RASEI Fellow Gregor Henze Studies Strategies for Integrating Large Commercial Buildings with the Electric Grid

Gregor Henze, Ph.D. RASEI Fellow Gregor Henze, Ph.D., approaches his research in energy not by studying its supply side, but by studying the interplay between supply and demand. This for him, as an architectural engineer, means he studies ways to reduce the amount of source energy that large, commercial buildings consume, both through high-performance building design and advanced control strategies.

"Commercial and residential buildings consume approximately 40 percent of the energy in the U.S., which is more than both transportation and industry," says Henze, who holds a Ph.D. in civil engineering and teaches architectural engineering at CU-Boulder. "My research deals with introducing elasticity into commercial building electrical demand to make buildings part of the solution to grid innovation needs," he says.

At the heart of Henze's research is understanding how to integrate a building with the energy grid and allowing the building to manipulate the daily supply and demand patterns of electricity. "If we can devise an optimal building control strategy that is based on electric grid pricing and emissions signals ahead of time and communicate that strategy to the building's automation system, the building will respond appropriately, and our overall demand for source energy can be reduced by improving both building site and supply side efficiency, particularly when scaled up from individual buildings to large portfolios of commercial buildings."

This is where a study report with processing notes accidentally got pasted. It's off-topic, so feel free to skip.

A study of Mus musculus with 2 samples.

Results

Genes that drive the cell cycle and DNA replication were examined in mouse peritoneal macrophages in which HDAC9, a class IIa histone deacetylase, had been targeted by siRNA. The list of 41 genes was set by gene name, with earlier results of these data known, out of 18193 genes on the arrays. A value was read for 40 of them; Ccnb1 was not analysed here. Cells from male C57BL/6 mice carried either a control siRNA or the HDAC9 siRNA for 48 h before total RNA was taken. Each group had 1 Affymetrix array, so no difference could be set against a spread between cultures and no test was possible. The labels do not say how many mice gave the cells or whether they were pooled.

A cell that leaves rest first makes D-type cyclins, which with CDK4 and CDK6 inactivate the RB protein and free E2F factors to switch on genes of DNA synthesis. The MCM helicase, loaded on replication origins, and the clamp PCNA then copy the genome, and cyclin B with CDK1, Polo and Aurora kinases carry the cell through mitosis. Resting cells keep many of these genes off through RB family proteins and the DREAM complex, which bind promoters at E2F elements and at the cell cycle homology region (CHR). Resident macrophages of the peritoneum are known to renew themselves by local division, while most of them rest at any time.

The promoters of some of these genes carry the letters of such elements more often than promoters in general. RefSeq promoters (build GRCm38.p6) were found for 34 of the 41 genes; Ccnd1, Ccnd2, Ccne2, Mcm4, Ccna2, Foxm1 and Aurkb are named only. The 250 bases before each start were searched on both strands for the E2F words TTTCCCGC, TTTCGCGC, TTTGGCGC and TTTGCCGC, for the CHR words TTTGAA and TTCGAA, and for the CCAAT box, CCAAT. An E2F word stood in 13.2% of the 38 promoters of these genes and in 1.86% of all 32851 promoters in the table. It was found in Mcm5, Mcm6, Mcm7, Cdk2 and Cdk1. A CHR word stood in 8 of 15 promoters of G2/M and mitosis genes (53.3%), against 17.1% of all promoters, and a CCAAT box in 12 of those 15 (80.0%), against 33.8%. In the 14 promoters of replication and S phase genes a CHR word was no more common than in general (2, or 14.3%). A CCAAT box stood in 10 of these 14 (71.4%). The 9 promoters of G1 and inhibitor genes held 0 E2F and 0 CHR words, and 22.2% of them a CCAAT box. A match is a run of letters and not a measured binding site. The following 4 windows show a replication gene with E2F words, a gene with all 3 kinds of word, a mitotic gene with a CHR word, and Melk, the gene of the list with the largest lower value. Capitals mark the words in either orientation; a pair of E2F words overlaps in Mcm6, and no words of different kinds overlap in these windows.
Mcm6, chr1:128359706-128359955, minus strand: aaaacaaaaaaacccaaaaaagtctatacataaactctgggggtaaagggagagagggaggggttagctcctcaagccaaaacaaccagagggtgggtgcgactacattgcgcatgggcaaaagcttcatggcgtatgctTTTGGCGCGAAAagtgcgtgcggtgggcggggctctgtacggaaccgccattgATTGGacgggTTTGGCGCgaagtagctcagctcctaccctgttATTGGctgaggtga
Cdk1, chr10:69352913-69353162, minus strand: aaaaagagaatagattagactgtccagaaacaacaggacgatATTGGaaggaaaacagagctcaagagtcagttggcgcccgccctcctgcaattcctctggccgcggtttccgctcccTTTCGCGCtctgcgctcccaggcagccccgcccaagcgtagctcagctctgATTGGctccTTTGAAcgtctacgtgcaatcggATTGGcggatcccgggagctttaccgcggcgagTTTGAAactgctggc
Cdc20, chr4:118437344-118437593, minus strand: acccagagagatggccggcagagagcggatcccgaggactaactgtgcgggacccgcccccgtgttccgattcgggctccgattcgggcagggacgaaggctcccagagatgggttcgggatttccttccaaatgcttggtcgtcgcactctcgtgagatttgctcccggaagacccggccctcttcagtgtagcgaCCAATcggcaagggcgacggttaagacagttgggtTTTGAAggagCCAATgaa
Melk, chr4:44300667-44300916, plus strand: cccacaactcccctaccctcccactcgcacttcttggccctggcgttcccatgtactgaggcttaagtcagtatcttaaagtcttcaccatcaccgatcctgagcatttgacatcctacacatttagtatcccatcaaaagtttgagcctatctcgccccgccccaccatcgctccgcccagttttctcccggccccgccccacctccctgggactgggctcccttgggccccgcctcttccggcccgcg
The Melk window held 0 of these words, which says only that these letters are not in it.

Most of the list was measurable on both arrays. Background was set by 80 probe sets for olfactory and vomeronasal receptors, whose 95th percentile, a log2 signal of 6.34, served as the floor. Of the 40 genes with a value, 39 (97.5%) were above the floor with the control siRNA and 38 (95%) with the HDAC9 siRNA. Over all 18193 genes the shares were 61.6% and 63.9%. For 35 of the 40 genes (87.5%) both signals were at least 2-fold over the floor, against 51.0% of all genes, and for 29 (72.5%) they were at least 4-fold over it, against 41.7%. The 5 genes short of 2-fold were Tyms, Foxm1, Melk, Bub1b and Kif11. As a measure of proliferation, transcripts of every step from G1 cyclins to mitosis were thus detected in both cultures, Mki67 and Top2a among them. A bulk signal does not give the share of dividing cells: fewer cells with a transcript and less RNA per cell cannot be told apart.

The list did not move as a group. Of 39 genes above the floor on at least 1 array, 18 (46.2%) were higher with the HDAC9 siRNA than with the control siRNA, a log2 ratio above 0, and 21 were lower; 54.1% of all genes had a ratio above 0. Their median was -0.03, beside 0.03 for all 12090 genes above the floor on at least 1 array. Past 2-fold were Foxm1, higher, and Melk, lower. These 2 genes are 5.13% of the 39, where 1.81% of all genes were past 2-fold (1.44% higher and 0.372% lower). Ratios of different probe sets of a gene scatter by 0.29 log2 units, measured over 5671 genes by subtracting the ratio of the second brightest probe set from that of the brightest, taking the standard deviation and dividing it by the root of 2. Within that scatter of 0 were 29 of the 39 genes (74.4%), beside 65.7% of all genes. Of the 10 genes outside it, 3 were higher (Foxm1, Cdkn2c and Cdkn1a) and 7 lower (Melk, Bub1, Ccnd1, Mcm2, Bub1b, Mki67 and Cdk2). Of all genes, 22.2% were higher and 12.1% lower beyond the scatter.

Henze is also involved in designing high-performance low-energy commercial buildings, particularly, those involving combinations of mechanical with natural ventilation and low-energy cooling approaches. One challenge of these novel buildings is to devise good building operation strategies considering the increasing role of human behavior. "We have to know first how people behave in terms of opening and closing windows and shades, and then develop appropriate strategies in both design and robust building control to find the best balance."

Henze values the vibrancy of the different energy research activities on the CU-Boulder campus and the important commercial building work being conducted at NREL. "As a RASEI Fellow," he says, "I hope to facilitate a dialog between NREL and CU-Boulder that leads to a collaborative, stimulating, and synergistic research environment, engaging students, researchers, and our constituents, including the Department of Energy and our cleantech and building efficiency industry."